Gamification and the Arts, Part Four: When Fundraising, Winners Give More

Note: This post is the final piece of a four part series by guest blogger Alli Houseworth. The series explores the strategy of gamification and how it can be applied to the arts. You can find part one here, part two here, and part three here.

As it turns out, we’ve been using gamification strategies in fundraising for years. If you go back and reference this list, you’ll see a bunch of very familiar terms that apply to fundraising for non-profits: bonuses, levels, countdowns, status, epic meanings, and envy (“How did they get those seats…?!”; “I want to have my pre-show drink in that lounge!”). Although we’ve used these gamification strategies unconsciously in “traditional” fundraising for years, the strategies have become more and more crucial to the success of more “non-traditional” fundraising campaigns (online, small-gift campaigns) in recent years.

Let’s take a moment to look at some of the online fundraising giants so we can greater understand the application of gamification in e-giving, and point to some ideas that could be helpful to you and your organization next time you launch a fundraising campaign:

1. Kickstarter

Launched in 2009, Kickstarter is an all-or-nothing funding platform for creative projects. A project’s success (being funded) is gauged by whether or not a community comes together to fund it. If a project’s community comes together and pledges to donate the funds needed –or “kick start”– the project, then each community member’s credit cards are charged in the amount they pledged to give. And, if the community doesn’t come together then no one’s credit card is charged and the project doesn’t get off the ground.

2. Crowdrise

Crowdrise, another online fundraising platform, is centered around the idea of empowering an individual to raise funds on behalf of a charity. Think of it in a “help me help X organization” sort of way. The gamification strategies behind Crowdrise are chosen to both leverage the power of the individual and to reward the individual. A person who joins Crowdrise can earn points by accomplishing various tasks (achievements), and the points can be redeemed for rewards. If you earn enough points you can be deemed Crowdrise royalty. All royalty are designated based on a tier system: you need 200,000+ to be a Tsar, 500,000+ to be a Baron, and so on. As a fundraiser you can also win crests (badges). All of these strategies are designed to motivate you to raise more money for projects and charities. As an added bonus, their language is super funny, so check them out.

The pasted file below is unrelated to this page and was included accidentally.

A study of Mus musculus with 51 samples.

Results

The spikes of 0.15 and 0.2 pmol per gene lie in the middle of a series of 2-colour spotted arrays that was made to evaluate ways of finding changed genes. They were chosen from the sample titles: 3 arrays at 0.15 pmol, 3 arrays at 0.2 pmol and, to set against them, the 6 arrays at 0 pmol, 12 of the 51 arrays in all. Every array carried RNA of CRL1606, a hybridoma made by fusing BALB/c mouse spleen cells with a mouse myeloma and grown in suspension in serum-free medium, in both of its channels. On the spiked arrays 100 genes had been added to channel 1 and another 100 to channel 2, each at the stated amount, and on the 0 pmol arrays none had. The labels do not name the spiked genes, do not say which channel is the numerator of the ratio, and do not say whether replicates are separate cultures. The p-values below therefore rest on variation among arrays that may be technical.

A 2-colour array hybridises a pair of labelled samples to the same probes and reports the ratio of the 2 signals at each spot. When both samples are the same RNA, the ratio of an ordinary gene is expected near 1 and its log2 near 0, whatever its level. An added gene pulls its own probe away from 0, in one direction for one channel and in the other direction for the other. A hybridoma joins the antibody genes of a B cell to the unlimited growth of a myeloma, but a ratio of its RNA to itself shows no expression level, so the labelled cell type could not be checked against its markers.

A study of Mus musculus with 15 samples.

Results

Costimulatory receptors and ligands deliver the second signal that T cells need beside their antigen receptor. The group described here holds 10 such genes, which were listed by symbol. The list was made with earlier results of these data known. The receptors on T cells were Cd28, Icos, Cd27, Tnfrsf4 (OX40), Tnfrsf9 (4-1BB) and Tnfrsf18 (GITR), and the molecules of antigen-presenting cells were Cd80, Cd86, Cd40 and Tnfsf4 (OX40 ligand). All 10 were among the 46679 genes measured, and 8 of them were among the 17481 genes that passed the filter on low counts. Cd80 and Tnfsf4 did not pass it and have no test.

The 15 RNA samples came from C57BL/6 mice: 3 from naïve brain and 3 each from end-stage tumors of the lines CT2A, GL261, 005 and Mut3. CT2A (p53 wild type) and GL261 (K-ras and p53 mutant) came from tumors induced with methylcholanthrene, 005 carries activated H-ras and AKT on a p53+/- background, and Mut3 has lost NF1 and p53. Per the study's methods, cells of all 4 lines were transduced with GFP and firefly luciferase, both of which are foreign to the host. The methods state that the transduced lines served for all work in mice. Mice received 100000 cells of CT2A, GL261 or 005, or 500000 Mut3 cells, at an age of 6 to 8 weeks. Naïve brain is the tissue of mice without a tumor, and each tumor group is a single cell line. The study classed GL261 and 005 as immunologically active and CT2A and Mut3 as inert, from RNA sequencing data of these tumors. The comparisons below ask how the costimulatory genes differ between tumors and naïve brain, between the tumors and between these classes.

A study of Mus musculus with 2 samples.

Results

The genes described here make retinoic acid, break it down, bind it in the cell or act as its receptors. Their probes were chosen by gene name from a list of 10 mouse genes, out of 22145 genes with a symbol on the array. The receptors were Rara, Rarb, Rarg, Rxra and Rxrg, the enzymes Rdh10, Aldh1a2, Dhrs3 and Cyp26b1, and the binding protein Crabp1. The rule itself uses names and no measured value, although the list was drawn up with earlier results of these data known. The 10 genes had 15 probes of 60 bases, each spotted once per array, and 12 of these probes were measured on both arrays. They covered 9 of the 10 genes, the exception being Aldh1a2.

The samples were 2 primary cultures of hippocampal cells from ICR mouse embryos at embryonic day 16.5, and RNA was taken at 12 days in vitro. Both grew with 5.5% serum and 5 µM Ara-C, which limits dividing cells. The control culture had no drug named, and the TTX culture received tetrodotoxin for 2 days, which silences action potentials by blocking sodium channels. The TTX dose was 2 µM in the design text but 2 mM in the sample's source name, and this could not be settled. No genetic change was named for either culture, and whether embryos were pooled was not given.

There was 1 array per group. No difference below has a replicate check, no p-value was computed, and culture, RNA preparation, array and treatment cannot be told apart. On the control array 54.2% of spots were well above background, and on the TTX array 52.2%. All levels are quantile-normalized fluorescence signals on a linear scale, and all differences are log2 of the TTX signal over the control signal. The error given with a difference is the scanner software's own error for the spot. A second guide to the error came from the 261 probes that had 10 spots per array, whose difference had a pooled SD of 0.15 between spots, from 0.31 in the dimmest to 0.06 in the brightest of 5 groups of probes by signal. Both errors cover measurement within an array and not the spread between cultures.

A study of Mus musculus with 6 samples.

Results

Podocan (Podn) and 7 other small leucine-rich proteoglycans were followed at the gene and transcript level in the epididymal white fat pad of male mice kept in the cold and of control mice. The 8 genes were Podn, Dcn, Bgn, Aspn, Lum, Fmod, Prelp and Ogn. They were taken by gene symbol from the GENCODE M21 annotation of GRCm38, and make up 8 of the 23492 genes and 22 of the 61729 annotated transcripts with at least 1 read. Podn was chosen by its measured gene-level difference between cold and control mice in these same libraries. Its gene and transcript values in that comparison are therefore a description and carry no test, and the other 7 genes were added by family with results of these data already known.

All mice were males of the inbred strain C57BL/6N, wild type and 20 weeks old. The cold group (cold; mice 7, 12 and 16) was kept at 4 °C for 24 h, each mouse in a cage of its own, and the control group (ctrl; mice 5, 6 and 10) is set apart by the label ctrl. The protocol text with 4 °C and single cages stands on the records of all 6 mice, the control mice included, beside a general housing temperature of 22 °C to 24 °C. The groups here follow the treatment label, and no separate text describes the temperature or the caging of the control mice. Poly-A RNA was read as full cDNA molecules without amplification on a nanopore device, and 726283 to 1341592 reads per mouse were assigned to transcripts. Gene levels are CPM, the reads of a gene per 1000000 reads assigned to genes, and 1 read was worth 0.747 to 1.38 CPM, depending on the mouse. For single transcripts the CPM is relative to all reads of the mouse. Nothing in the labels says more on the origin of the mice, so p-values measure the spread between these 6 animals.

3. Give to the Max Day

One-day community-wide fundraising events like Give to the Max Day (check out DC and Minnesota) are becoming more and more common, and the PR effect is wonderful for any non-profit organization in the community. The folks behind Give to the Max Day layer in gamification strategies to their large campaign and reward organizations who meet certain benchmarks on the selected day of giving: those who have the most donors overall, those with operating budgets under $1 million that have the most donors (tiers), and those who have the most donors within a certain hour (the countdown strategy). In the end everyone wins, whether they get a bonus reward or not. Additionally, the PR weight of Give to the Max Day helps the public understand that donating to non-profits is cool, important, and crucial to any thriving healthy community.

The common thread we see woven through each of these examples is that by applying gamification strategies to online fundraising, you motivate individuals to give more money. So, looking back at our list of gamification strategies, what are some “what ifs” can we come up with to freshen-up fundraising for the arts?

What if: Instead of matching grants, a donor agreed to give you $1,000 for every 20 new donors you secured through an online giving campaign, then $2,000 for the next 10, then $3,000 for the next five? (Progression Theory)

What if: Someone agreed to donate something to your organization and placed three options behind different doors (the door #1, door #2, door #3 game) and your audience had to vote on what door was opened? (Lottery Theory)

What if: You have to raise the entire production budget for a show in one week’s time or the show gets cancelled? (Countdown Theory… and terrifying!)

Individuals are responding to game theory and practices more actively the more we progress into the digital age. As stated in previous posts, gamification strategies are not new, especially not in the fundraising arena. They are all based on fundamental elements of human psychology. As this is my last blog post in this series, I’d like to encourage each of you to try to apply at least one gamification principle to one fundraising or marketing campaign you have coming up in 2013 and, of course, let me know how it goes!